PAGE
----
SEOUL, South Korea - China's presidential envoy met with North Korea's top nuclear strategist amid intensifying international efforts to persuade Pyongyang to return to stalled six-nation talks on its atomic weapons programs.

Dai Bingguo, special envoy of Chinese President Hu Jintao, had a "candid and in-depth exchange of views" on bilateral, regional and international issues with the North's Fist Vice Foreign Minister Kang Sok Ju on Wednesday, Pyongyang's official news agency said.

Kang is North Korean leader Kim Jong Il's chief foreign policy brain and has been the main strategist for dealing with the standoff over its nuclear programs for decades. The Chinese delegation also included Beijing's chief nuclear negotiator, Wu Dawei.
The North's Korean Central News Agency said in a brief dispatch that the talks went "in a comrade atmosphere" but did not give further details on their discussions. Still, it is widely believed that the nuclear row was a key topic among the "international issues" they discussed.

The meeting came as the U.S. is considering Pyongyang's long-held desire for direct talks amid the North's push to reach out to Washington and other negotiating partners following months of ratcheting up tensions with nuclear and missile tests.

South Korea's Yonhap news agency reported Wednesday that the U.S. special envoy on North Korea, Stephen Bosworth, could visit Pyongyang as early as late October for bilateral talks. It cited an unidentified "senior diplomatic source."

State Department spokesman Ian Kelly told reporters later in the day that the U.S. is considering the North's invitation, but "no decisions have been made whether or not to accept that invitation."

North Korea has long sought one-on-one contact with Washington in hopes of raising its international profile, but U.S. officials have made clear that any such talks would have to be within the context of efforts to resume six-nation disarmament negotiations involving China, Japan, the two Koreas, Russia and the U.S.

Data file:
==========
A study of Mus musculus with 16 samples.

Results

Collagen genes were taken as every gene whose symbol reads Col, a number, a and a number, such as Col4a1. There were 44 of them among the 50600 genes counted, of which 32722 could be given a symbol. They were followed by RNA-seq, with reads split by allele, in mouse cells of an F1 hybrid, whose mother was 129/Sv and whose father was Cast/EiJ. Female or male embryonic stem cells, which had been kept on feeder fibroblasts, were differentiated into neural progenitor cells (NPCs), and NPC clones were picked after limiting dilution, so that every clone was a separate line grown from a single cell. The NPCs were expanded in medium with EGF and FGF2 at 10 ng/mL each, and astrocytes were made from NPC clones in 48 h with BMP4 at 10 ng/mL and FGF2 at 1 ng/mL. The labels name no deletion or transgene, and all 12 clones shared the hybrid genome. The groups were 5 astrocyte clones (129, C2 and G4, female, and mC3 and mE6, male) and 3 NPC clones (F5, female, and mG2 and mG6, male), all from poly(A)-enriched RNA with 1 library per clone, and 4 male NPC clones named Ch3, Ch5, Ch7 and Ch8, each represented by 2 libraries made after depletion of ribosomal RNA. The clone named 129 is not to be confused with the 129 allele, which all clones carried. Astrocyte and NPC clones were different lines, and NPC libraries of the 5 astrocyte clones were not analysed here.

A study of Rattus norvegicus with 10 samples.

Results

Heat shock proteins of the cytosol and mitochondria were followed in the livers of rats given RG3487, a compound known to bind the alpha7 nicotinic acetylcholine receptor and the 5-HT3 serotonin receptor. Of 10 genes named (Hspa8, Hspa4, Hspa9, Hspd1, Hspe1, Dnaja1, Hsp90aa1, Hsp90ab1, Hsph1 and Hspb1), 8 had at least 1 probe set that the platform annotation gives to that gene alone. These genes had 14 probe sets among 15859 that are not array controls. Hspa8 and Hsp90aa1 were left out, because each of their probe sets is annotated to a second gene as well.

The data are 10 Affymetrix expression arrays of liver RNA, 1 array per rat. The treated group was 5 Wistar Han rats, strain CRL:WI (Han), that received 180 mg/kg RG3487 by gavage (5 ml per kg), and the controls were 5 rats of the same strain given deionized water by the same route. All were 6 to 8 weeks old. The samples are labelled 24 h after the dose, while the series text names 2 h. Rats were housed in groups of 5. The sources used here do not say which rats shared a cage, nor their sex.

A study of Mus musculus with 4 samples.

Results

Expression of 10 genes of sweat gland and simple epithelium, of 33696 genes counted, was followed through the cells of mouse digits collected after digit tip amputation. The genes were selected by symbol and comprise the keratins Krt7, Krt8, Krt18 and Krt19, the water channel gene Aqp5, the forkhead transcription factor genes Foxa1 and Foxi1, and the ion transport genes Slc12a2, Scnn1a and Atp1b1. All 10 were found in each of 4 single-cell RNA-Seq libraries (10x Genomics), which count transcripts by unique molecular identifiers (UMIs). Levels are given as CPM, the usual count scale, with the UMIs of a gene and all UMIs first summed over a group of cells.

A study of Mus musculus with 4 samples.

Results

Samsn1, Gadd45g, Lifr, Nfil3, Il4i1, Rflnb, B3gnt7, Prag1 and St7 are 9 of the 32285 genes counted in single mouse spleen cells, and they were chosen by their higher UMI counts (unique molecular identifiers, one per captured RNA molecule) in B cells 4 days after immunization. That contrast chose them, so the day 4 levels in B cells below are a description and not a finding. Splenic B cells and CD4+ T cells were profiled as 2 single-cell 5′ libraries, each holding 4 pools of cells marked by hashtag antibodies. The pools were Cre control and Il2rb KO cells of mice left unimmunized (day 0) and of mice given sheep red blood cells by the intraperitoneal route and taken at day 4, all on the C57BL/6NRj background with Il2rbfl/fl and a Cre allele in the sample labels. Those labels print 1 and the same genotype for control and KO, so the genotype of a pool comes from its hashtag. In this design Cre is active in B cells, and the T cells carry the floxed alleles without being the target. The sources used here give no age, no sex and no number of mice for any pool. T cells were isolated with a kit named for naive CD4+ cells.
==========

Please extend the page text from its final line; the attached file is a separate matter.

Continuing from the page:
Pyongyang withdrew from those negotiations in April to protest international criticism of a rocket launch that other nations suspected was a test of long-range missile technology. It then conducted a nuclear test in May, drawing tough new U.N. sanctions on its weapons exports and financial dealings.

But it has recently tried to reach out to Seoul and Washington. It freed detained American and South Korean citizens, pledged to resume suspended joint projects with South Korea, and also proposed talks with the U.S.

South Korea has been skeptical about the North's conciliatory gestures.

President Lee Myung-bak said Tuesday the North is taking a softer line because it feels the pain of U.N. sanctions. Lee also said that Pyongyang has shown no sign of giving up its nuclear weapons.

Seoul's point man on North Korea, Unification Minister Hyun In-taek, also cautioned Wednesday that past nuclear negotiations with the North ended up offering concessions to the regime while failing to disarm it, and that any dialogue with the regime should be firmly based on the goal of ridding the country of nuclear weapons.